Article 50 has now been triggered and with negotiations soon to begin many EU workers in the NHS are contemplating what, if any, future awaits them in the UK. Theresa May has refused to confirm the rights of EU nationals to stay in the UK after Brexit, leaving many feeling dispensable and disposable if May’s ‘no deal’ Brexit scenario comes to fruition.
Current EU figures:
• 10% of NHS doctors(around 10,000 total), and more than 20,000 NHS nurses, are trained in the EU.12.
• An estimated 5000 Spanish doctors have emigrated to the UK in the last 5 years. 3
• An estimated 6000 Spanish nurses currently working in the NHS. 4
• UK is the current preferred destination by Spanish healthcare workers. 3
The NHS relies heavily on overseas doctors and nurses at a time when the NHS is struggling to cope with mounting pressures and significant staff shortages.
Impact to date:
• 4 in 10 European doctors may leave UK after Brexit vote, BMA survey finds.5
• GMC survey suggests up to 60% of EU doctors plan to leave UK post Brexit. 6
• Since the referendum, the number of European Nursing professionals applying to work in the country has fallen by 90%. 7
• Almost double the number of nurses are choosing to stop working UK compared to figures published before the referendum. 7
As part of their survey, the GMC list the demoralisation of doctors together with the uncertainty about their residence status as the two common themes recorded in their survey feedback. 8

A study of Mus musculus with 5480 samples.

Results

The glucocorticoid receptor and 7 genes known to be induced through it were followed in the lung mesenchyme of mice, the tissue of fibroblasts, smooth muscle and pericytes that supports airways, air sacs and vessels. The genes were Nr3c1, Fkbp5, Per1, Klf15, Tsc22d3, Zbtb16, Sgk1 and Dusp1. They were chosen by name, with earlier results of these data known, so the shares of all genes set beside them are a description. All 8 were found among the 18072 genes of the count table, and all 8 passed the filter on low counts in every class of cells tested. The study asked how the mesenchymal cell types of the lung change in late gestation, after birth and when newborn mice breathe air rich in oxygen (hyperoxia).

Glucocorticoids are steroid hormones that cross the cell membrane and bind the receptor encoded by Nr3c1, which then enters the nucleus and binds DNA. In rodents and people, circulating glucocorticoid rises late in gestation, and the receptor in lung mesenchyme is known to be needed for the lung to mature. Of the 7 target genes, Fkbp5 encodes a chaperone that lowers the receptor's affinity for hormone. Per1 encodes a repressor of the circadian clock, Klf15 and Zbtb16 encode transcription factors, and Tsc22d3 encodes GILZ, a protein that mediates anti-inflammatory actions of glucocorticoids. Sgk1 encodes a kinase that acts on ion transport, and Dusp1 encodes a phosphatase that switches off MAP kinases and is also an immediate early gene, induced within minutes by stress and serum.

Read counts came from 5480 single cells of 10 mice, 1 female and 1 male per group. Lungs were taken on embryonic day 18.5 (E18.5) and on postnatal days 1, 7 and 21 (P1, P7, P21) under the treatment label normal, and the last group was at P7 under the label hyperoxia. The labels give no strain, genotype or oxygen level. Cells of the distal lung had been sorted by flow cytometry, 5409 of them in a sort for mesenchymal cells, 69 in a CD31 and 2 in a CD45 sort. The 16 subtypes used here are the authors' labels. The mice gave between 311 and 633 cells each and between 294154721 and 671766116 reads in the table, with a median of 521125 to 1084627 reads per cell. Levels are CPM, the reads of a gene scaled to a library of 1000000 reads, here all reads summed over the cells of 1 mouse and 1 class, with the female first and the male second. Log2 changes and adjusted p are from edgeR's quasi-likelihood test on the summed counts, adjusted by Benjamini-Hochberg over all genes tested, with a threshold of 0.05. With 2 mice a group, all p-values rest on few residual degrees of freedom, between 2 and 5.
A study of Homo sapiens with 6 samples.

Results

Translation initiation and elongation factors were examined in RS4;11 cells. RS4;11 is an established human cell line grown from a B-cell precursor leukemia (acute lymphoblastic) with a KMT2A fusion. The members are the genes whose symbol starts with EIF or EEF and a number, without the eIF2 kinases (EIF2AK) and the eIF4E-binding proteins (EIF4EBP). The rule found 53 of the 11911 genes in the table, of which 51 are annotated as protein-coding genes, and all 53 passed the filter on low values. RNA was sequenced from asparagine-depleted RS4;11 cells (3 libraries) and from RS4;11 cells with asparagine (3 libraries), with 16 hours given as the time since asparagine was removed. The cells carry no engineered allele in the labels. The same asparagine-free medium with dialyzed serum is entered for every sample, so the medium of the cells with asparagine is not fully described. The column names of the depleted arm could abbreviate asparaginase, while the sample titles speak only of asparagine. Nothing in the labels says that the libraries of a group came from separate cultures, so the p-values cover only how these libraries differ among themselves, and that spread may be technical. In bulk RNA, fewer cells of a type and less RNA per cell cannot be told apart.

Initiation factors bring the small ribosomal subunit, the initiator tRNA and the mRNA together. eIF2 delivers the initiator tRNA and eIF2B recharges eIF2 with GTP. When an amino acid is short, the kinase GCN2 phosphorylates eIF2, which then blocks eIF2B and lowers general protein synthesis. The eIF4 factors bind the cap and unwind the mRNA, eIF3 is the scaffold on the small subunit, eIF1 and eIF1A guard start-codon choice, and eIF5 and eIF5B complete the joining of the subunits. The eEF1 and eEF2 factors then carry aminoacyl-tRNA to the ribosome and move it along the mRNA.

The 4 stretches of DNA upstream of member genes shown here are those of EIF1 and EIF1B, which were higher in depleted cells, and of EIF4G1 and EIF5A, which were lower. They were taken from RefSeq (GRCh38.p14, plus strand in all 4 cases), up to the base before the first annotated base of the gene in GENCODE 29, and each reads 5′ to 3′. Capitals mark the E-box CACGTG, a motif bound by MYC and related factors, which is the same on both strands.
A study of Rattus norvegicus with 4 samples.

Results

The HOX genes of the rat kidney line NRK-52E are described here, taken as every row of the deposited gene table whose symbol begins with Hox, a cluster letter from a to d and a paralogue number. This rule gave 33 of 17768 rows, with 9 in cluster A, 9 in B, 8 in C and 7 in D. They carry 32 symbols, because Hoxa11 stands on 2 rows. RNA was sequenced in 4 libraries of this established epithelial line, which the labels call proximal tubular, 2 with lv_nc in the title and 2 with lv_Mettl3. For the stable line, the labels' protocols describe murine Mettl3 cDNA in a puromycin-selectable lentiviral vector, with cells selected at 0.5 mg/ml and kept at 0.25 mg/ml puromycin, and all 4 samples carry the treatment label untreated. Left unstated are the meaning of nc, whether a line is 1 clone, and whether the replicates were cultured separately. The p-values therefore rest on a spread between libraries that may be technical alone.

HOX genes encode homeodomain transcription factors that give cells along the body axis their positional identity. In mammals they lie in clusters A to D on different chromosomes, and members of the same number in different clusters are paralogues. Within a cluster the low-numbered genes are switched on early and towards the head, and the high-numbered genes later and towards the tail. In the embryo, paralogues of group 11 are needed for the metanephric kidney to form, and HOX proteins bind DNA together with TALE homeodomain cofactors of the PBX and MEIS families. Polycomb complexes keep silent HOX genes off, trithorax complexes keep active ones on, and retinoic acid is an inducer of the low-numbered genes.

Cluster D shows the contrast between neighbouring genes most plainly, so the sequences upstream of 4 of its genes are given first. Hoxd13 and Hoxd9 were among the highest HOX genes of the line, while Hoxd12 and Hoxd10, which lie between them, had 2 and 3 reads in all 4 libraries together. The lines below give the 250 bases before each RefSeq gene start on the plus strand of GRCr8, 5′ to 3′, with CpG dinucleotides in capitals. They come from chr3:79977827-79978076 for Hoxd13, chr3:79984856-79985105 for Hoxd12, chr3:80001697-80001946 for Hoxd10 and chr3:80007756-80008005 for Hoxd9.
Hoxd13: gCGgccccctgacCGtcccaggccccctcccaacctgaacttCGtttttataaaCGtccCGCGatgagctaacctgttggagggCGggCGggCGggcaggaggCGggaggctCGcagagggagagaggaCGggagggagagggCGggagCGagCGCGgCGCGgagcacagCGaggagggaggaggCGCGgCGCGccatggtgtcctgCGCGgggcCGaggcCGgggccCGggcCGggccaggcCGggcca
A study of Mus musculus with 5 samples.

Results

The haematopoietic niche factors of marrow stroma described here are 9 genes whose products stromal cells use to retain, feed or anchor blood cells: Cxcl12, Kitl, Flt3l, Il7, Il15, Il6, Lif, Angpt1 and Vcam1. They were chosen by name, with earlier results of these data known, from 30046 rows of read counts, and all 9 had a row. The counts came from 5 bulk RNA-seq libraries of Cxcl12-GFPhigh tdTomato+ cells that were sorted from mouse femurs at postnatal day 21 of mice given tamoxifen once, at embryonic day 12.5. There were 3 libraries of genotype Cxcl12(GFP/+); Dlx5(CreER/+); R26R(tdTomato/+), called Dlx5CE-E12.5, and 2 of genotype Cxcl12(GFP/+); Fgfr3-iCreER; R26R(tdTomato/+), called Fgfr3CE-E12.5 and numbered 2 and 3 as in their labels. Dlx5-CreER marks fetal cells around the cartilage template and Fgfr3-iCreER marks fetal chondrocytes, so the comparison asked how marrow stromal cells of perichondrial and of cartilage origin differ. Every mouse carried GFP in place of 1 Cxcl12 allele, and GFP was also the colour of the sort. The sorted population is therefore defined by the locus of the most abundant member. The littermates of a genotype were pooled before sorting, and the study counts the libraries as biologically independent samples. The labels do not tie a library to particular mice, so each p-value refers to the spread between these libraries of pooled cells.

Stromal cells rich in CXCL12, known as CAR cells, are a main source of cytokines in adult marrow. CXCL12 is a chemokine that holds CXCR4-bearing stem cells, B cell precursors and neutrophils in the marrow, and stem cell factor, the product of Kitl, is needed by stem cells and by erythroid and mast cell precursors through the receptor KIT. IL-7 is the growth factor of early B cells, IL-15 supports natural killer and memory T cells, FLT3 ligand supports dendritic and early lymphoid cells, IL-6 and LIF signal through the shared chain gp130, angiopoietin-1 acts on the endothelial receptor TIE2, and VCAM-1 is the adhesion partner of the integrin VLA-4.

It is no wonder EU doctors are feeling unwanted, last October the Conservative party laid out their plans for a ´self-sufficient” NHS, suggesting foreign doctors will only be working in the NHS for an interim period until more UK trained physicians are trained and available. 9 Health Secretary Jeremy Hunt has pledged to train 1,500 more doctors to make the NHS self-sufficient by 2025, suggesting foreign doctors will not be welcome after that time. 10
The final impact of Brexit on Spanish doctors and nurses will likely not be known until the UK complete Brexit in March 2019 as predicted. However, the BMA and GMC surveys suggest most doctors and nurses do not plan to wait and put their fate in EU negotiations.
Where will Spanish doctors go?
Although unemployment amongst GPs in Spain is relatively low at the moment (1.6%), only 8% of the total contracts signed were long term. This year, for the first time Ireland became the third preferred location for Spanish doctors moving abroad, according to the OMC 11Language, location and cultural similarities make Ireland an attractive alternative for Spanish doctors compared to the UK.